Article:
The following is a synopsis of a weekly Dialectical Behavior Therapy (DBT) group lesson, based on the work of Marsha Linehan out of the University of Washington. 

Disclaimer: I LOVE doing this, I think it is desperately needed, and I WANT to do it. However, I have zero time to do it so, while I am committed to giving it my all, I may fall behind or skip a week or two. I apologize in advance for that, and for the fact that I will not be spell checking, fixing formatting, or doing a read through before I post. No offense, but I gotta draw the line somewhere!

Emotion Regulation Skills Module: PLEASE MASTER

As discussed in the last blog, people with BPD are emotionally vulnerable. This does not make them crazy, or stupid, or weak, it is just part of who they are. And because they were likely born that way, we cannot expect that this will change very much. It is very important then, that the emotionally vulnerable person do as much as possible to reduce emotional vulnerability. This is done using the PLEASE MASTER.

                       Treat PhysicaL Illness: Taking our prescribed medication, getting preventative check ups and procedures done, resting and practicing self care strategies when we are sick, etc., are ways to treat our physical needs. Doing so on a regular basis will make us less emotionally vulnerable.

                       Eat in a balanced way:: eating from all of the food groups is important for getting our nutritional needs met. Eating regular meals that are at spaced out intervals, 3-6 times per day, without purging, and doing so mindfully, are important habits for overall well being. Paying attention to foods that trigger certain moods or behaviors is also important for emotional stability.

                      Avoid mood altering chemicals: Drugs and alcohol only exacerbate our problems, rather than minimizing them. When we are intoxicated, we likely have much stronger emotions than we are aware of. When we come down, we have to worry about our body chemistry changing, and having physical or emotional withdrawal from all drugs. In addition, chemicals interfere with the properties of most medications, and may lead to addiction, which will add a lot more problems to our life then we already have.

                   Sleep in a balanced way: Our society is horribly sleep deprived, in fact, it is the thing most often sacrificed in favor of other things. Most of us need 8 hours of sleep per night, with very little variation in this amount. Youth need a little more, but can get away with staying up all night once in a while, as long as they get caught up on sleep shortly after. Using drugs or alcohol, even over the counter ones, and most prescription sleep aids to get to sleep creates significant long term problems, as these things destroy our sleep architecture. Sleep is a period of restoration of the body and brain, and is absolutely vital to everything else that we do. Mysterious things happen in sleep, and we need quality sleep that is uninterrupted, on a regular basis in order to must benefit. There are many things we can do to improve our sleep rituals, and of course, these habits will take time and patience to establish or break.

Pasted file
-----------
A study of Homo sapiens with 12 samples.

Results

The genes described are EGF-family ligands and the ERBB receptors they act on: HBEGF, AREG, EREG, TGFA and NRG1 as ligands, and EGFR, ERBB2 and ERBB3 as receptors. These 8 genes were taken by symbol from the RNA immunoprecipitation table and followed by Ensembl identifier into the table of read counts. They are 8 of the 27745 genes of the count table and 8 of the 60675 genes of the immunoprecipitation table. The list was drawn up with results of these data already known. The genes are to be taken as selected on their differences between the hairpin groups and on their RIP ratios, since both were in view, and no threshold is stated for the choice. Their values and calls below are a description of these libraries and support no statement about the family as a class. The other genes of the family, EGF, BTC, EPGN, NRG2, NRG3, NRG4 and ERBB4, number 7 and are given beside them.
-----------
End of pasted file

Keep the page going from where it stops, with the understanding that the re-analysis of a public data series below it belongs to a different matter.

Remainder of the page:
Exercise regularly: Over or under exercise is also problematic to our mood states. Our society is very screwed up with this as well, shaming those who don’t exercise and praising over-exercise for many of us. Getting our heart rate up for about 20 minutes every day is a great guideline for moderate exercise. Alternatively, we may be better with doing this 3-5 times per week, and doing light stretching or muscle training on alternate days. Those who have eating disorders have to be extra cautions not to overdo exercise, and may not be able to do structured exercise at all.

                  Master one thing a day: Do something every day to help you feel competent and in control. this is really important for self validation, and for challenging ourselves to move forward with our goals. Like all the other categories, this doesn’t have to be a big accomplishment, but any small achievement that we give ourselves credit for will help stabilize our mood, and often, doing the smallest things are extremely difficult during symptom flare ups.